Thursday, January 19, 2012
What Goes into a Presidential Event?
I've had the pleasure of directly planning a visit by President Bush and Vice President Cheney during my career. While the President was obviously the bigger deal, both followed the same path in planning and execution. What I can tell you is running such an event can be extremely stressful. As a political operative all eyes locally and in Washington are focused right on you.
1. You Get Word-- the Big Man is Coming! OH #$%*!!!!
For both of my events I got about six weeks notice. When the call comes in from the White House you get this great moment of joy-- the President is coming to do an event with us! Then reality sets in-- the most powerful and protected person on the face of the earth is coming and you've got no idea what to do.
For the next few weeks you will be working 24/7 to execute the event perfectly. No detail is left to chance. The timeline must be executed exactly as planned. You will at a minimum have two calls per day with the White House and at some point the Secret Service will be showing up at your door step with dozens of agents.
2. Select the Location
You think this would be relatively easy-- find a place that looks good, can fit everyone and make it happen. Oh no it is not that easy. First, you have to consider the security implications of the venue. Can the President easily get in/out? What other events are taking place at that locations the day of and the days before the event? Can the venue give you complete access for several days to set up?
Next, you consider the message the venue sends. Does it align with the speech? Will the press have access? Does the location meet the high expectations of the Presidency?
Finally, how the heck does the President get there? What's the implication on local traffic from the motorcade? Is Marine One an option? Is there place to load/unload the President that is secure?
3. Who is Coming?
Now you get to pick who is coming to the event. This isn't just a list of people who get to come to the speech-- that's actually the easiest part. But who gets to greet the President when Air Force One lands? Who greets him when he arrives at the venue? Is there a VIP reception before/after the event? What message does each individual attendee represent?
Send this all over to the White House. Prepare to have it dissected and re-do it multiple times.
On a side note: I actually got a call once and the staffer said Karl thinks person X needs to be shifted to this portion of the event. They meant Karl Rove... Yes these things go up that high!
4. Hell Descends Upon You-- The Advance Team Arrives
So you are about a week and a half out. You've not sleep for weeks. You found the perfect location, mapped out where everyone up to the locally elected dog catcher will sit for the event, sent out invitations, drank heavily. Then the Advanced Team arrives and life as you know it just got destroyed.
The Advanced Team is a group of White House staff whose job it is to make sure the peons on the ground don't screw up their bosses event. The team is a mix of professionals in event planning, media affairs and the Secret Service.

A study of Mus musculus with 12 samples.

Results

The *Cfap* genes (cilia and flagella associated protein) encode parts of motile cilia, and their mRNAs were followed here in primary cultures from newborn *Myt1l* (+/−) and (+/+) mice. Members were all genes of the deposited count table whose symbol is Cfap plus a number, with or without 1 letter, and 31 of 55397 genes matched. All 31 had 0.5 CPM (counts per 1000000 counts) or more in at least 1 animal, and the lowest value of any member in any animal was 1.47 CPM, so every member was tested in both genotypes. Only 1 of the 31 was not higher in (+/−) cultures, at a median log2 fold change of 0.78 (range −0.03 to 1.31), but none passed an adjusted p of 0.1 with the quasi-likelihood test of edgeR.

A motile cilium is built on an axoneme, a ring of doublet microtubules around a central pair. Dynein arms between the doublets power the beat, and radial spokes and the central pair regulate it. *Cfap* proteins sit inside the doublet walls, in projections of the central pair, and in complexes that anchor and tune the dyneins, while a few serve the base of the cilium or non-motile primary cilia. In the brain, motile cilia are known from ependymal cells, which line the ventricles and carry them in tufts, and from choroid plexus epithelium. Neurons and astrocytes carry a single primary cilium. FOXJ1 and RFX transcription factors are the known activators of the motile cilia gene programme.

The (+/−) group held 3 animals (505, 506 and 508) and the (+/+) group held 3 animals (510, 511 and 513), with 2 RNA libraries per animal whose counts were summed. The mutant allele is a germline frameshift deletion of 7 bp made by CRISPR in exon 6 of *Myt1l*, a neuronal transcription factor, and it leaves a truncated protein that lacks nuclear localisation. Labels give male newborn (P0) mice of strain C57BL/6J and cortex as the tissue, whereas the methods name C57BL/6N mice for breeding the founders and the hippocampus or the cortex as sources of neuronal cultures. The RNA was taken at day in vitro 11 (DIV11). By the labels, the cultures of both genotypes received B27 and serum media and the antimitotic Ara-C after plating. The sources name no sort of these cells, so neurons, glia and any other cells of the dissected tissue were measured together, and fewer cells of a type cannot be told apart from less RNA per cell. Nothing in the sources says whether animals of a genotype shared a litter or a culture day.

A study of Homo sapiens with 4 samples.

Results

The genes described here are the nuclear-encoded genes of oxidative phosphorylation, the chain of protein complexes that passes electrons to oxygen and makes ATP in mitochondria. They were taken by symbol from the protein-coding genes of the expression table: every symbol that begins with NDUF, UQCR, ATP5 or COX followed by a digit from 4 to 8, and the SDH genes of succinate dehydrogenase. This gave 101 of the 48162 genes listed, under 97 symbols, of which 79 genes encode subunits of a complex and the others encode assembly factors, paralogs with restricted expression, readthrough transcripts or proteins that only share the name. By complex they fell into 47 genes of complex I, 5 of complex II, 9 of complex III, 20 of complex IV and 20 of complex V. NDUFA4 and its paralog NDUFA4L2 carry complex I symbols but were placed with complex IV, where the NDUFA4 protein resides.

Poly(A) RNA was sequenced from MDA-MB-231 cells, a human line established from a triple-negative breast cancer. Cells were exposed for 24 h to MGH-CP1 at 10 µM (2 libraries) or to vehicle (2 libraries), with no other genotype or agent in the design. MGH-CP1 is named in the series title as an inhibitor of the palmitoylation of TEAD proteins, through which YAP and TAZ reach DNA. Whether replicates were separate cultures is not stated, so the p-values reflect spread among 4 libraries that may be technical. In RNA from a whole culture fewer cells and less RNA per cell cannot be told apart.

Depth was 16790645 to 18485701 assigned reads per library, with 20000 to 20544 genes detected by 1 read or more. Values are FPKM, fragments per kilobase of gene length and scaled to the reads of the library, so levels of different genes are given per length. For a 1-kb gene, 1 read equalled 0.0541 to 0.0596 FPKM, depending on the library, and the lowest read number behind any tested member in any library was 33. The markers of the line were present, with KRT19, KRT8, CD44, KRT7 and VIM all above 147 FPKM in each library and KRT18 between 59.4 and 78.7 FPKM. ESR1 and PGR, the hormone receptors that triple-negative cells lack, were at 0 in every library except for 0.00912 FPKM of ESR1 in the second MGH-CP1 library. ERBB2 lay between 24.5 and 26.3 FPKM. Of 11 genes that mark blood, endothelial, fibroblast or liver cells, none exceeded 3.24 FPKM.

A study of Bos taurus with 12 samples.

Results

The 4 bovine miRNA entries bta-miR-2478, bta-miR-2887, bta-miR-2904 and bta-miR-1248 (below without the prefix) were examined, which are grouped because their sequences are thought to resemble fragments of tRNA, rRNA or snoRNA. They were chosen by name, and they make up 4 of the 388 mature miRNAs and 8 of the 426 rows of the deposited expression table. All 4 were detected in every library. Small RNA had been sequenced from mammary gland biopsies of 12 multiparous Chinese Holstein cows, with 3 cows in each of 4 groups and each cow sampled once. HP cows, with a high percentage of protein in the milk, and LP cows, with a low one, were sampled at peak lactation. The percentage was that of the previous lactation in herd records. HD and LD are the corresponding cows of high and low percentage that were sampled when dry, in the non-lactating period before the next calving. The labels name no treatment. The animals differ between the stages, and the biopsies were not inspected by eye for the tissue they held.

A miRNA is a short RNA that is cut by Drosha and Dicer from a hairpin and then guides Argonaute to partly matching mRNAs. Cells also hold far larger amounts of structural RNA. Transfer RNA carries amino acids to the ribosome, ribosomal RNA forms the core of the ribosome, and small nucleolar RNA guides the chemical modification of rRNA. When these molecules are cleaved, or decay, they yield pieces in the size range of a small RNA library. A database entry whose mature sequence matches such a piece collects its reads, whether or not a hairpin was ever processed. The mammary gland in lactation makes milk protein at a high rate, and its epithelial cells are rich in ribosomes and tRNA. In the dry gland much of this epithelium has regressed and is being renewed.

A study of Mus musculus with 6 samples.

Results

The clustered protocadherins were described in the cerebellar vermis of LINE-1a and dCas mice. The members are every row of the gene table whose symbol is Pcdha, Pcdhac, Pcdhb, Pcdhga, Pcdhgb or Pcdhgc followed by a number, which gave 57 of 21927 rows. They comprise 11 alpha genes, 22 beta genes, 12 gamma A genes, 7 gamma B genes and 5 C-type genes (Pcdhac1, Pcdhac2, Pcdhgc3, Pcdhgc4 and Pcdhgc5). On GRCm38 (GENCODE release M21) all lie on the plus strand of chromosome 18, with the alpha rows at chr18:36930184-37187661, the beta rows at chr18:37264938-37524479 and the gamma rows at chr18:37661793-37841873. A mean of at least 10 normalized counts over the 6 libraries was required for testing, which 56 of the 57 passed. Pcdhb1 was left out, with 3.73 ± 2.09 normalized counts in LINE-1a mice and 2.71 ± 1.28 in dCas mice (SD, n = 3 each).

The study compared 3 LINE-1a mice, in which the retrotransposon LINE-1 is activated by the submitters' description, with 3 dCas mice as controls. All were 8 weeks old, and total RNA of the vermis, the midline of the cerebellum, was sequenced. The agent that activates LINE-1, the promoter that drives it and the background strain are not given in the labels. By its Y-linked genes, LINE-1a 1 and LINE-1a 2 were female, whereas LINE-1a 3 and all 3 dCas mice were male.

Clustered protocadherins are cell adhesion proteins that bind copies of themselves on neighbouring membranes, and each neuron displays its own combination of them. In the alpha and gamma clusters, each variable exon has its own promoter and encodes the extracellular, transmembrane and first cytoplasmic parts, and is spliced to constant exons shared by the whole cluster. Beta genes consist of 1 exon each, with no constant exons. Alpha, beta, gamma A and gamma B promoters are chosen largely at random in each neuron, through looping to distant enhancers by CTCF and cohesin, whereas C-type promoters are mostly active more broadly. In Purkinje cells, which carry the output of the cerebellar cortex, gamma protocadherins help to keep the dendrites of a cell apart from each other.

Your entire plan is reviewed from every possible angle-- the event staff is looking at the overall presentation while the Secret Service is doing a walk through of security protocols for the location itself. This may very well include going back and re-looking at your other event location options because the Advance Team is not happy with the choice. Yes, a week out you may have to relocate your entire event for several hundred people.
If you're lucky one of them might get the idea to build a stage that resembles a Bon Jovi concert.
5. Presidential Pipe and Drape
What's pipe and drape? Its the curtain you see behind the President for most indoor events. I give this its own section because this is one of the most difficult things to do-- and you would not think it is.
See you probably did not know that the pipe and drape behind the President is always the exact same color. Not even a slight difference in the shade of the drape is allowed from the standard "Presidential Blue". Will, I was in a major city and had to call every production company within a three hour drive to finally track down the right color drape-- and then it wasn't long enough. Eventually we found a company five hours away that could bring the stuff in, I just had to get their driver a hotel room for two nights.
Finding this stuff was hell!
6. It's Go time
It's the day of the event. You have been living off of fast food and massive amounts of Diet Pepsi for six weeks. You have had zero sleep. An army of volunteers is deployed to manage a crowd of 500, which includes a VIP reception, 100 person photo line with the President and a 30 minute speech. Fox News, CNN, ABC, CBS, NBC and every regional news outlet is setting up and prepared to go live.
The event day is a true test is thinking on one's feet in a stressful situation. Timing must be perfect, security must be perfect. Walk five feet in the wrong direction without the right lapel pin and you will be on the ground in handcuffs. Lose your cool with one irate and rude VIP and you will lose your job. Lose control of this event and you will be hearing from the White House.
When planned properly the event will run smoothly, or as smoothly as possible given the nature of what you are undertaking. At the end you will be able to say you planned and executed an event with the President-- and you will drink lots of beers!
I also have a group of friends I have been through hell and back with in executing these events. A small group of people I would entrust with any professional endeavour.
Every event was a great experience and one I would do again in a heartbeat-- though I doubt the wife would like to lose me for a month.